SCARBOROUGH — A determination to hold the line on municipal spending and debate with the School Board over its proposed spending led to the approval Wednesday of a fiscal 2010 budget that maintains this year’s property tax rate of $12.15 per $1,000 of assessed value.
The final figures put the total net operating budget at $42.7 million, a 0.9 percent increase from this year; the education portion of the budget is $35.1 million, an increase of 0.1 percent.
“At the end, if nobody leaves happy, we’ve done our job,” Councilor and Finance Committee member Ron Ahlquist said after the council’s unanimous vote.
Key to appeasing several councilors appeared to be an agreement between the Board of Education and the teachers’ union to forgo teachers’ cost-of-living salary increase for fiscal year 2010. The agreement represents a $140,000 savings from the 1 percent increase budgeted for 2010 and affects about 300 teachers and others in the bargaining unit, according to board member Annalee Rosenblatt. The teachers’ contract was scheduled to expire this summer.
The board had been challenged by the Town Council to come in with no pay increases in the budget after municipal workers and school administration personnel agreed to hold the line for next year.
Councilors voted to make several changes to the figures established during the first reading. The most dramatic was to restore nearly $450,000 in educational funding.
After review by the Finance Committee last month, $807,000 had been withheld from the proposed fiscal 2010 school budget. Of that amount, $92,000 was withheld at the recommendation of Town Manager Tom Hall and an additional $715,000 was from the committee.
At Wednesday’s meeting, the council voted 5-2 to restore the $450,000 to the schools, with Councilors Ron Ahlquist, Carol Rancourt, Mike Wood, Judy Roy and Karen D’Andrea voting in favor and Councilors Shawn Babine and Richard Sullivan opposed. After factoring in the savings of the 1 percent cost-of-living included in the budget, Hall said Thursday the schools will see $190,000 less than what they initially asked for and $49,000 more than they received last year.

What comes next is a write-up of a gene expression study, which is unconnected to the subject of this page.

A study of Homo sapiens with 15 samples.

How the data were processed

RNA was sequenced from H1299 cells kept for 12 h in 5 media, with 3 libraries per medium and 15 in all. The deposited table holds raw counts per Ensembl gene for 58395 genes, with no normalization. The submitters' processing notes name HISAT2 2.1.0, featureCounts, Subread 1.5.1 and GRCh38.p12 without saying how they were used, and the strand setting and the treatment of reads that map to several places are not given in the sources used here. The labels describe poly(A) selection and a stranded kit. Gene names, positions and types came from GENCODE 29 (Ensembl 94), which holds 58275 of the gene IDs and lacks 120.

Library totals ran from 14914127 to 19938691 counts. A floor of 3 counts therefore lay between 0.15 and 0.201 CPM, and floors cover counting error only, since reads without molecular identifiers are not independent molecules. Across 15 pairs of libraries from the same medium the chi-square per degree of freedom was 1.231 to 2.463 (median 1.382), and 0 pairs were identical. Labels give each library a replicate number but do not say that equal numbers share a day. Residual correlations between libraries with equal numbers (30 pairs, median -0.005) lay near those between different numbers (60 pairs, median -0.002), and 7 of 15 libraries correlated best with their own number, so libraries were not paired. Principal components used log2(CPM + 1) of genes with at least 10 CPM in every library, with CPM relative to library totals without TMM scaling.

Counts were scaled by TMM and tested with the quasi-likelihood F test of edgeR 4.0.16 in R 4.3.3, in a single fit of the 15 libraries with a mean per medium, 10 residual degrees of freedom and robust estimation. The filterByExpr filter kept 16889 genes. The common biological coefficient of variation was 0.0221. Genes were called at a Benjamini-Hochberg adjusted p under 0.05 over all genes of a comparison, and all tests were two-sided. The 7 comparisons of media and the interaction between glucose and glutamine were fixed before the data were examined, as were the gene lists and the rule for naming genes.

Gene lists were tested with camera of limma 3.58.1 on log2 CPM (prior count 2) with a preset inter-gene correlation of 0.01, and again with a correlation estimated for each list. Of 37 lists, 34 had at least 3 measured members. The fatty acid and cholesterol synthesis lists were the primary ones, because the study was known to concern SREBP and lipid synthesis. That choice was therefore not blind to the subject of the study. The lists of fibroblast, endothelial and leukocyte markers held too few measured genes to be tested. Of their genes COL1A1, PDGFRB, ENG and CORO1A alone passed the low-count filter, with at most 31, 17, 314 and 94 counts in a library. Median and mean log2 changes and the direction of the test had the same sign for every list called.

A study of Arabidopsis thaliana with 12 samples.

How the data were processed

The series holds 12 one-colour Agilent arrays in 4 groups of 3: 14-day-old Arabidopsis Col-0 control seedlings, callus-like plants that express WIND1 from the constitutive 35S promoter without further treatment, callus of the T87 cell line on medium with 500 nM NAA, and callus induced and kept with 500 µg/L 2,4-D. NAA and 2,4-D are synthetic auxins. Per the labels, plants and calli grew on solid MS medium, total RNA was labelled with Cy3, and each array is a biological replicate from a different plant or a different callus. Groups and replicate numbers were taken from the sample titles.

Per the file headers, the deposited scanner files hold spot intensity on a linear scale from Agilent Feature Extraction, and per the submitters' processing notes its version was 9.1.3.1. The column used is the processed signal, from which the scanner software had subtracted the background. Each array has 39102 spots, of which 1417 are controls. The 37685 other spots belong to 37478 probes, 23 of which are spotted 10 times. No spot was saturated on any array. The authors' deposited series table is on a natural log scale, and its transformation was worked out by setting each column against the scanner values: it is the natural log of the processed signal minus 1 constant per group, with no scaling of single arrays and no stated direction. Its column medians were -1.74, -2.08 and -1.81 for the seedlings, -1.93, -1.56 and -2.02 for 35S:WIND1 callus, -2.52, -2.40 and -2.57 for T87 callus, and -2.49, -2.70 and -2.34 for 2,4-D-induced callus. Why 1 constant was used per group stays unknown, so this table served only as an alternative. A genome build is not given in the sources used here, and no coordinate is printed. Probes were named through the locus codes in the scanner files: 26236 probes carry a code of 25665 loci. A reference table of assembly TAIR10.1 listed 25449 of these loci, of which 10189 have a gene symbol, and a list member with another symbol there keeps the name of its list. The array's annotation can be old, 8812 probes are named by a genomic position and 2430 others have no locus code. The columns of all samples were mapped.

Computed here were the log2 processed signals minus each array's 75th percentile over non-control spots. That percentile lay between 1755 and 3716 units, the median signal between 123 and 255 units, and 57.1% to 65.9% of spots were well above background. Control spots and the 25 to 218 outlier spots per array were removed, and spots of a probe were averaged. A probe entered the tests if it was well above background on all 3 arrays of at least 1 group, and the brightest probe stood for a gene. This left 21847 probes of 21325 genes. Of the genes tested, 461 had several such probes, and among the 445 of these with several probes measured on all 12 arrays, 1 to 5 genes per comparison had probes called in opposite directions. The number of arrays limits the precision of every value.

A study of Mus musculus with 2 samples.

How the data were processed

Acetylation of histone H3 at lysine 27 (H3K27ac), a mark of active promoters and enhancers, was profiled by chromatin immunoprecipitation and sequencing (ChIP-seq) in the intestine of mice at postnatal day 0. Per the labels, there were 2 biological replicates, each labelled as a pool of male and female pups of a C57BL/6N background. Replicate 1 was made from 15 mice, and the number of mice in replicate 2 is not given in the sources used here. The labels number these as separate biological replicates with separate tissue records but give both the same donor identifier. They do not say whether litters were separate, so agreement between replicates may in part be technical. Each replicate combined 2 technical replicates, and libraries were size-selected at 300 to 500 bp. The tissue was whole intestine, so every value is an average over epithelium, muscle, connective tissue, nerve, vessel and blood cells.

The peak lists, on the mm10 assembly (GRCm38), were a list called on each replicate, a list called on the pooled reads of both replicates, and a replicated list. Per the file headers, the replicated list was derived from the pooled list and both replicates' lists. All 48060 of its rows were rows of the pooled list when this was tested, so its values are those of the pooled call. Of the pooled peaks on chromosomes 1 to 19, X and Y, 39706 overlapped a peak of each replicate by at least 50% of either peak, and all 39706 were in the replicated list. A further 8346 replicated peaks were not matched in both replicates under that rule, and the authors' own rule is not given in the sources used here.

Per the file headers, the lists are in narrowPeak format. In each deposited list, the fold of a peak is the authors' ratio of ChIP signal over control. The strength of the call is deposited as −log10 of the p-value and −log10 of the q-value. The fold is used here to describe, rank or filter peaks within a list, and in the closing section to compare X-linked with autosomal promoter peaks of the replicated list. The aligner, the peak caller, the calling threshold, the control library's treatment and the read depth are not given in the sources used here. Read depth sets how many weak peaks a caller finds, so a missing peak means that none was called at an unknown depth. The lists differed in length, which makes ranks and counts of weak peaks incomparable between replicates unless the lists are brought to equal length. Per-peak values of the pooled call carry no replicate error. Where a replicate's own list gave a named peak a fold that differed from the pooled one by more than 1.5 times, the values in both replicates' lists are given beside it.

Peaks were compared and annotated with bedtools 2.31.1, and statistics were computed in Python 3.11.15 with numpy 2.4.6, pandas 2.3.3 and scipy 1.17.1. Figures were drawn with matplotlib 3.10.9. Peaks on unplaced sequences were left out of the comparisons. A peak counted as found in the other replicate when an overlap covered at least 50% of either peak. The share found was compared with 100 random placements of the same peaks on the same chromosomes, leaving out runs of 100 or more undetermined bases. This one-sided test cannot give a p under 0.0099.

Because municipal revenue sharing is projected to be cut 15 percent by the state, councilors voted unanimously to remove $200,000 from non-property tax revenue. They also voted to amend the budget to reflect a $72,000 decrease in debt service and a $7,600 savings in public works from ecomaine.
Councilors increased funding to the Scarborough Economic Development Corp. to bring it back to $180,000 and added $15,000 to senior property tax relief, increasing the fund from $110,000 to $125,000.
And, despite a caution from Hall, they added $50,000 to community services revenue, without indicating how that would be raised.
“All I can do in the end is offer my opinion,” Hall said. “I know on what theory that motion is offered. I would always rather be conservative; to budget for it is a bit of a push.”
Councilors thanked the teachers and the municipal and school administration workers for agreeing to forgo salary increases, other than step increases.
On Thursday, Board of Education Chairman Brian Dell’Olio said the approved budget is “really a great one for everybody.”
“It keeps the tax rate flat, maintains programs and services and keeps us from laying anyone off,” he said. “I would encourage citizens to vote for it.”
The school budget validation referendum will be held from 6 a.m. to 8 p.m., Tuesday, May 12, in the conference room at Scarborough High School. Absentee ballots are available from the town clerk; Town Hall will be open Saturday, May 9, for absentee ballots.
Peggy Roberts can be reached at 781-3661 ext. 125 or email@example.com.